Primo Levi’s Natural Law

The Italian writer and scientist Primo Levi (1919-1987), best known for his Auschwitz memoir, If This Is a Man (English title: Survival in Auschwitz), was also a prolific author of essays, short stories, and other works. In his review of the newly released Complete Works of Primo Levi, Edward Mendelson writes about Levi’s moral understanding of the universe, which underlay his work both as a writer and as a chemist:

Unlike almost everyone else who wrote about science in the 20th century, Levi never imagined that science was value-free. Just as human beings were moral or immoral, so, in his eyes, were chemical elements and compounds: “Sodium is a degenerate metal”;  “chlorides in general are riffraff”; cerium “belongs to the equivocal and heretical family of the rare-earth elements.”

Morality, as Levi understood it, is not a set of rules or laws imposed by some divine power beyond ordinary reality; it is integral to reality, a matter of fact, not of opinion. In both the concentration camp and the laboratory, to lose sight of morality was to lose sight of what is real. Levi said of the Nazis who took up Nietzsche’s myth of the superman: “It is worth considering the fact that all of them, master and pupils, gradually took leave of reality at the same pace as their morals became detached from the morals common to every time and every civilization.”

The core of Nazi barbarism, as Levi saw it, was its reduction of unique human beings to anonymous things, mere instances of a collective category—Jews, for example—that can be slaughtered collectively because they have no individual value.


The Proper Jewish Response to the Pittsburgh Massacre

Nov. 21 2018

In the Jewish tradition, it is commonplace to add the words zikhronam li-vrakhah (may their memory be for a blessing) after the names of the departed, but when speaking of those who have been murdered because they were Jews, a different phrase is used: Hashem yikom damam—may God avenge their blood. Meir Soloveichik explains:

The saying reflects the fact that when it comes to mass murderers, Jews do not believe that we must love the sinner while hating the sin; in the face of egregious evil, we will not say the words ascribed to Jesus on the cross: “Father, forgive them, for they know not what they do.” We believe that a man who shoots up a synagogue knows well what he does; that a murderer who sheds the blood of helpless elderly men and women knows exactly what he does; that one who brings death to those engaged in celebrating new life knows precisely what he does. To forgive in this context is to absolve; and it is, for Jews, morally unthinkable.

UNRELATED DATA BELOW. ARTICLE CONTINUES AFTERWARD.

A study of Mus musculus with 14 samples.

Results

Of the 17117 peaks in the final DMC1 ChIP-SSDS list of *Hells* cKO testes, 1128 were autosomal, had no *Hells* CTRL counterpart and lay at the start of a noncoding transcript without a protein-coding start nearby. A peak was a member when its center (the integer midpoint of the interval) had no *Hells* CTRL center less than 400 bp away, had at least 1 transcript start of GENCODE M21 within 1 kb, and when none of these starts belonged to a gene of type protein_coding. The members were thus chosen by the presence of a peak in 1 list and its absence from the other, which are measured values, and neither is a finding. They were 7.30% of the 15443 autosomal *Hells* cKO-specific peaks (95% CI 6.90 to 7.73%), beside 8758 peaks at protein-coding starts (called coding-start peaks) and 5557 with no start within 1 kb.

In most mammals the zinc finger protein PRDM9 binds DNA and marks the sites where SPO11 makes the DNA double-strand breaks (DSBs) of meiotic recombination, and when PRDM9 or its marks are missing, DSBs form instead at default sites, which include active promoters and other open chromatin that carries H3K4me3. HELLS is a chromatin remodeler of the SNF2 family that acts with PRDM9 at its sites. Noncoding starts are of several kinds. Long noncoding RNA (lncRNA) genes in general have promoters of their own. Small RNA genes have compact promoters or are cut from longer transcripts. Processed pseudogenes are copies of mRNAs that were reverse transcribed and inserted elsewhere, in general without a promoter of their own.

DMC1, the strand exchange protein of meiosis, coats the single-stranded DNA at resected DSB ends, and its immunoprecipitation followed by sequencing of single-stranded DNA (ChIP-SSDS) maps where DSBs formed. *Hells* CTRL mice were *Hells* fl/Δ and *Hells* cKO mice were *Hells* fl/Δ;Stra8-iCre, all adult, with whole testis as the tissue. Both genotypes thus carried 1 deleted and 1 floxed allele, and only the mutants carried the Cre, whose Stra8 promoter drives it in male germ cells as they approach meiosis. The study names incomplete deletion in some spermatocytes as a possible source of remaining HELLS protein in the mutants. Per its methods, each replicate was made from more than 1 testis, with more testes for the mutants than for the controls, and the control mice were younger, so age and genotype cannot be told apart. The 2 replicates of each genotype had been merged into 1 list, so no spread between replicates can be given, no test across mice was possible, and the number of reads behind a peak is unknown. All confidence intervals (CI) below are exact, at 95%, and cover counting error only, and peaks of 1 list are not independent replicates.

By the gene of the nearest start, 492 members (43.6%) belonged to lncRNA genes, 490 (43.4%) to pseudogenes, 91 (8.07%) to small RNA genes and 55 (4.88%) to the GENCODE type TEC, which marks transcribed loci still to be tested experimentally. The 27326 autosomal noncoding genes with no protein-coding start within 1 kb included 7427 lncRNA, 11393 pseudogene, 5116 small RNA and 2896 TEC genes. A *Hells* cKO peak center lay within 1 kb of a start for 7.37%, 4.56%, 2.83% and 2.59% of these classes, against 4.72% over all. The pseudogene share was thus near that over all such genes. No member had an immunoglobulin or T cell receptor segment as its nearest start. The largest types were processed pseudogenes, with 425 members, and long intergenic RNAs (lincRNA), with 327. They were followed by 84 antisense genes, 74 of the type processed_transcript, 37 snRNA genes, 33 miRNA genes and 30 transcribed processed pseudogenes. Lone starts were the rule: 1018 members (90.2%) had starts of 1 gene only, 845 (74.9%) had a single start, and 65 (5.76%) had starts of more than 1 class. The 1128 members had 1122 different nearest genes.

But the mantra for murdered Jews that is Hashem yikom damam bears a deeper message. It is a reminder to us to see the slaughter of eleven Jews in Pennsylvania not only as one terrible, tragic moment in time, but as part of the story of our people, who from the very beginning have had enemies that sought our destruction. There exists an eerie parallel between Amalek, the tribe of desert marauders that assaulted Israel immediately after the Exodus, and the Pittsburgh murderer. The Amalekites are singled out by the Bible from among the enemies of ancient Israel because in their hatred for the chosen people, they attacked the weak, the stragglers, the helpless, those who posed no threat to them in any way.

Similarly, many among the dead in Pittsburgh were elderly or disabled; the murderer smote “all that were enfeebled,” and he “feared not God.” Amalek, for Jewish tradition, embodies evil incarnate in the world; we are commanded to remember Amalek, and the Almighty’s enmity for it, because, as Rabbi Joseph Soloveitchik explained, the biblical appellation refers not only to one tribe but also to our enemies throughout the ages who will follow the original Amalek’s example. To say “May God avenge their blood” is to remind all who hear us that there is a war against Amalek from generation to generation—and we believe that, in this war, God is not neutral.